Global volumes of fruit and vegetable trade have followed a downward trend over the last few years, as was discussed in Freshfel Europe’s virtual Annual Trade Meeting recently.
The discussion evaluated long and short-term global trade figures for the fresh fruit and vegetable sector with a focus on European exports, imports and intra-EU trade trends.
The analysis of global produce trends showed a positive development for both European and international trade of fresh produce with global fresh produce trade reaching €100 billion in 2020, as highlighted by Nelli Hajdu, Freshfel Europe Director for Trade & Business Development.
In turn, global volumes of produce trade have seen a decline since the peak was reached in 2018, down to 87 million tonnes of global trade in 2020, a tendency explained as an overall deceleration in the growth of booming categories, which has now been accentuated by pandemic disruptions over the past season.
Looking at Europe, fresh fruit and vegetables intra-EU trade volumes decreased by 11% compared to 2019 to 29.2 million tonnes, with prices reaching a peak of €1.29 per kilo as a result of strong consumer demand during the crisis.
In turn, EU exports outside of the Single Market went down to record low levels to 3.9 million tons, although value continued increasing up to €4.6 billion.
“Demand continued to be strong in key non-EU European markets and the partial opening of the Mexican market for some EU produce has opened new possibilities, although export diversification remains low with volumes unable to recover pre-Russian embargo figures,” Freshfel Europe Trade & Market Access Director Natalia Santos said.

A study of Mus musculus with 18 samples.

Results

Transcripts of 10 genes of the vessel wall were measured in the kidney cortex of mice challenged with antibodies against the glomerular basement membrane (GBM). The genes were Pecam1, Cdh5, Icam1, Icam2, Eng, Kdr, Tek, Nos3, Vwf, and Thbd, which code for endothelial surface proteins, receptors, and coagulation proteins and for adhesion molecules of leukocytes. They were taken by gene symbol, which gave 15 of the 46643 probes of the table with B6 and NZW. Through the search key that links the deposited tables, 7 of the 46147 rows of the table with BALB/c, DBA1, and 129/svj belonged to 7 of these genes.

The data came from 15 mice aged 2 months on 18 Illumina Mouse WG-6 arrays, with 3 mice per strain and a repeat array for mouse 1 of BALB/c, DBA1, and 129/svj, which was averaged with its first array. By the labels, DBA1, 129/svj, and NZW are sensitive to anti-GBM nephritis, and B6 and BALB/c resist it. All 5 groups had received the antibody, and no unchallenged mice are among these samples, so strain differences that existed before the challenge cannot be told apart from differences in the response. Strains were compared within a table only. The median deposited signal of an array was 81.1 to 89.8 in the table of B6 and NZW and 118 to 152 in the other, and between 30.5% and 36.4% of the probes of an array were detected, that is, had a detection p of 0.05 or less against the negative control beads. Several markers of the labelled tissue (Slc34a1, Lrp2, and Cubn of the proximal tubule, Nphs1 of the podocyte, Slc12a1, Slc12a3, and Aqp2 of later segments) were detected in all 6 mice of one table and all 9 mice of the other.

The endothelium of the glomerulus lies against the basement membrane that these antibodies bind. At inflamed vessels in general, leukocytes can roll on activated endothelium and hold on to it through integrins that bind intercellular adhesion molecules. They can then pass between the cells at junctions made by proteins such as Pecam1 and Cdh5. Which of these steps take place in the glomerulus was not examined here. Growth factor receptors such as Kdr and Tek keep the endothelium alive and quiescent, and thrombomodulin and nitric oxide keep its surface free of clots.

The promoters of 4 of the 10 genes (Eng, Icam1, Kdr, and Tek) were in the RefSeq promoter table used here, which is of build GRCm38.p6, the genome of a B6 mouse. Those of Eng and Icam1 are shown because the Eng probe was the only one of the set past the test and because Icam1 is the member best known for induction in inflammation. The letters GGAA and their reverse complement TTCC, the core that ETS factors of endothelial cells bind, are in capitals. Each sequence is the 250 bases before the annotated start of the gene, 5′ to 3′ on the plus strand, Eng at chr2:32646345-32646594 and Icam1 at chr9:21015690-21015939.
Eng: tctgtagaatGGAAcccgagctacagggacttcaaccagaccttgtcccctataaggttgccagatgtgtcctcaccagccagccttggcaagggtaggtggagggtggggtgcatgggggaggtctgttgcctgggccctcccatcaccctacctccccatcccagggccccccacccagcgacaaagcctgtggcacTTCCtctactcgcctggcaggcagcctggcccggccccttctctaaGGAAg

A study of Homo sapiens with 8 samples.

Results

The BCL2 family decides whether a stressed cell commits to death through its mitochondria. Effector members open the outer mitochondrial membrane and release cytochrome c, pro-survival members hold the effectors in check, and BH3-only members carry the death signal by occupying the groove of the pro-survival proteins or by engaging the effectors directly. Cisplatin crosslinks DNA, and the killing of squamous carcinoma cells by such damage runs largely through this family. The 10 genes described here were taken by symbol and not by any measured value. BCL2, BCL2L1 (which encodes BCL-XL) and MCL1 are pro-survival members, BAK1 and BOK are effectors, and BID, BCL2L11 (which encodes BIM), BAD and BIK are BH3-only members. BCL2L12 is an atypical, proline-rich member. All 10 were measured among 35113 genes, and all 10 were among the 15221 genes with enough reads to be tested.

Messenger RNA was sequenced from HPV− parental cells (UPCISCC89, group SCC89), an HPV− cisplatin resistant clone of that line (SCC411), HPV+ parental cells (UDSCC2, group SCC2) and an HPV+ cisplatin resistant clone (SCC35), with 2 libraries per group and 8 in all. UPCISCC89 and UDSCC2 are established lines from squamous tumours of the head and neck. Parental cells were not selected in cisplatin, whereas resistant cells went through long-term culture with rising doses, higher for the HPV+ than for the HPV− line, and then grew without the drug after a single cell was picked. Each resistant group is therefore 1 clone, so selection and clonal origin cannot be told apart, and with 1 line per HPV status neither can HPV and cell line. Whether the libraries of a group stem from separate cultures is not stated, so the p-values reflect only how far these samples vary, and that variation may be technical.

“Moreover, several booming markets for EU exports showed a decreased demand in 2020 compared to 2019 due to the pandemic, such as India, China, Qatar, Morocco and Egypt,” she said.
In terms of imports into the EU27, volumes showed a reduction of 5% compared to the previous year down to 12.8 million tonnes, with value continuously growing to €14.8 billion.
Most EU suppliers kept growing in the EU market despite the 2020 downturn with India, Guatemala, Egypt and Peru showing the greatest growth rates for 2015-2020.
The future of fresh produce trade in light of European policy developments was also discussed, notably the European Green Deal, Farm to Fork Strategy and the recently adopted EU Trade Policy Review.
“It will be essential for the fresh fruit and vegetable sector to raise its voice in the coming years about the importance of boosting fresh produce consumption and trade to attain the UN Sustainable Development Goals and the European Green Deal’s objectives, especially concerning a move towards more sustainable, plant-based diets,” Freshfel Europe General Delegate Philippe Binard said.
“The sector has a responsibility to continue positioning itself in the circular economy debate and to stress the importance of both local and European production and international supply to secure year-round, diverse and sustainable fresh produce availability for European consumers.”